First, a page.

Does it make sense to assemble your own survival kit? That depends upon how much you value your time and how picky you are about what is in the kit.

Assembling your own gives you absolute control over what is included. It also takes a good deal of time, especially if your aim is to save as much money as possible or to include superior quality gear. Just how much money you'll save and whether that is worth it is debatable.

The suppliers of the top rated kits reviewed here buy at or near wholesale for a lot less than you would typically be able to, even if you are a good bargain shopper. Many items are unavailable in small quantities, so you have to be very resourceful or be prepared to buy more than you need for more than you'd like to spend. They do have to cover their labor to assemble the kits, overhead and the like, but when all is said and done, you'd be hard pressed to save more than 20% - 25%, no matter how hard you try (the grossly overpriced kits are another matter). Some things may come even harder, like the vacuum packing that is standard on some survival kits, unless you or a friend already own a home vacuum packaging machine.

I put together my own survival kits and when all is said and done, I don't doubt I saved some money, but I also spent a lot of valuable time for the relatively small savings. However, the kits are pretty much exactly like I want them, which was important to me. Being a "gear guy," I also enjoyed the process. In that regard, it is a lot like building a homebuilt aircraft or boat, where the process is as important as the outcome. I've also added to and improved the kits over time, a little bit here and a bit more there, constantly upgrading, something you can do with any kit.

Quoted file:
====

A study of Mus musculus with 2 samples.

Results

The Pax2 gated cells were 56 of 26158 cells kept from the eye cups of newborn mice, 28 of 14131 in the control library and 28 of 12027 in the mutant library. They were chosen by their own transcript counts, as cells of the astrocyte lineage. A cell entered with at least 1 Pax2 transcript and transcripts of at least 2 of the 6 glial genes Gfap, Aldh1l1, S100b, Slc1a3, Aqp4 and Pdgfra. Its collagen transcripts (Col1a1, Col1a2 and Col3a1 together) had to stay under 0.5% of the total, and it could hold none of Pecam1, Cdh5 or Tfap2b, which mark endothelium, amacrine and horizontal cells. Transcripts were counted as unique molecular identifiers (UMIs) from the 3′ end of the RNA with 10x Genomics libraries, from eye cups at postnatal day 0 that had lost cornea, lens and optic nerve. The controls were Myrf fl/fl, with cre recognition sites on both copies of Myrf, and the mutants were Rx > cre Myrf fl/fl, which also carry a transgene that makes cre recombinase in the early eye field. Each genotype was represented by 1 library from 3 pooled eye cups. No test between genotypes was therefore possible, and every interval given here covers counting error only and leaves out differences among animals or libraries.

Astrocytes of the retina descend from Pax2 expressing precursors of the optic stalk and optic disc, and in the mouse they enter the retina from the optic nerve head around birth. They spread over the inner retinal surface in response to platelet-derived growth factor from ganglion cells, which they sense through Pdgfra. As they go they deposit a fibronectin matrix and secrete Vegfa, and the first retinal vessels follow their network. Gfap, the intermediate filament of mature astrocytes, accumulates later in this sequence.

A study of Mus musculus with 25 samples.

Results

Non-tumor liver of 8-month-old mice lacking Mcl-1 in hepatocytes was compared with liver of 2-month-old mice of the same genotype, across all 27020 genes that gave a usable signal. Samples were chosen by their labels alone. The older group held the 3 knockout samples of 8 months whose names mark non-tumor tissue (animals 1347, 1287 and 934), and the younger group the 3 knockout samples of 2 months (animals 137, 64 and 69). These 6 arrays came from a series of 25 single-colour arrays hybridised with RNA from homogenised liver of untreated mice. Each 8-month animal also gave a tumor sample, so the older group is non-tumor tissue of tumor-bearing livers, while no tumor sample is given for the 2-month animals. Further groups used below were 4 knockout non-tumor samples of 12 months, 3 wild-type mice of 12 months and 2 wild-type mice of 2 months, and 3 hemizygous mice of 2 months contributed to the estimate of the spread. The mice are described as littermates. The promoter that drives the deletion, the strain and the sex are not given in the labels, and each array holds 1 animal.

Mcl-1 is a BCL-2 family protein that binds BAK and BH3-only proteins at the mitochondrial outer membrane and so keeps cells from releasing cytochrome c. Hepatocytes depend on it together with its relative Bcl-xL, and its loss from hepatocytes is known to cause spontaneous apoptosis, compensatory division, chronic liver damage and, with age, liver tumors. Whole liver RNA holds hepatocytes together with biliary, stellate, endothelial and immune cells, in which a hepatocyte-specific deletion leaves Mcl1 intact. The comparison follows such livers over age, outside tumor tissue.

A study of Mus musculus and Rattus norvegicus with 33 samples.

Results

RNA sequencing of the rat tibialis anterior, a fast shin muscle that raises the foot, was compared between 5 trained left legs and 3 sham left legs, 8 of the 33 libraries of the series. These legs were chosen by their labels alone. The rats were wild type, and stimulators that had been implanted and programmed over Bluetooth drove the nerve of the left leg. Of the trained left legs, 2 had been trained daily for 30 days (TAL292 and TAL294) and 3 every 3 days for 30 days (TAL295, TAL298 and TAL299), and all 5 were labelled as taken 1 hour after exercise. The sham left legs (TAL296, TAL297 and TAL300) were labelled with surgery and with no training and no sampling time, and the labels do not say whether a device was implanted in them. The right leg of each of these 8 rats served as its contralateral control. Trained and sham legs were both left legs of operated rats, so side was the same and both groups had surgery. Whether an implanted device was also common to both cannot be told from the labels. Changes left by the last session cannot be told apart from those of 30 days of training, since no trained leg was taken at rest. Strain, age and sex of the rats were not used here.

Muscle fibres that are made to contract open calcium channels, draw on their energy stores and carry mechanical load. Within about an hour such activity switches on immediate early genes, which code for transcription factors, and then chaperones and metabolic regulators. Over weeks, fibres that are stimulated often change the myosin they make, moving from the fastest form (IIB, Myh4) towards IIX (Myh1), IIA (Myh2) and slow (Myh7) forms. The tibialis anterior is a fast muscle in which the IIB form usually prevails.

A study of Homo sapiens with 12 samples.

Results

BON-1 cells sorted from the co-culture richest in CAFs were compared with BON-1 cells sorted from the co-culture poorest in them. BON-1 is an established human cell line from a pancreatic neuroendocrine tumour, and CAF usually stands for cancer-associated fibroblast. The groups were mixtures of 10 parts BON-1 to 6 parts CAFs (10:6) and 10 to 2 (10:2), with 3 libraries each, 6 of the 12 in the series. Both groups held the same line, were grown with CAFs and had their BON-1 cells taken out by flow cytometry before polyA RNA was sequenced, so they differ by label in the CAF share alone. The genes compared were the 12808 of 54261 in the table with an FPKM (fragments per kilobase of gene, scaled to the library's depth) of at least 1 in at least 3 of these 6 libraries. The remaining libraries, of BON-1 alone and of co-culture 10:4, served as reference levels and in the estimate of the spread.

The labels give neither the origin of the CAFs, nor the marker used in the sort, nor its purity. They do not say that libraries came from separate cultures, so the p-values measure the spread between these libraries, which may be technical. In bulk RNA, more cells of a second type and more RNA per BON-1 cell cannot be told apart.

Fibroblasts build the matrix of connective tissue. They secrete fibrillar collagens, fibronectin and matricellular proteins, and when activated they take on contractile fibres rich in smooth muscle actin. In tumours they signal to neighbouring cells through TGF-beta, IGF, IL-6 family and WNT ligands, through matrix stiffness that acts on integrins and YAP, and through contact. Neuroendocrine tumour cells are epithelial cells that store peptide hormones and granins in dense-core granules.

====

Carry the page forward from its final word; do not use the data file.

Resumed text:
If your aim is to get a decent survival kit before you end up needing it, you are probably better off to start by buying a good kit. With a solid start you can always add to it later if you want, or to suit a particular climate, and you won't waste much, if anything. This approach probably makes the most sense in both the short and long term.

If your aim is to get a kit as cheaply as possible and you are willing to spend the time and effort required, you can save some money doing it yourself. Just don't expect to buy much more than a few lunches or a tank of fuel with your savings, depending upon the size and quality of the kit.

If doing it yourself sounds like what you'd like to do, check out the contents of "Basic and Wilderness Survival Equipment Evaluations" on this Web site. The information here will give you a better understanding of the issues involved in selecting equipment and supplies for your survival kit, as well as ideas and resources for what you need. Enjoy!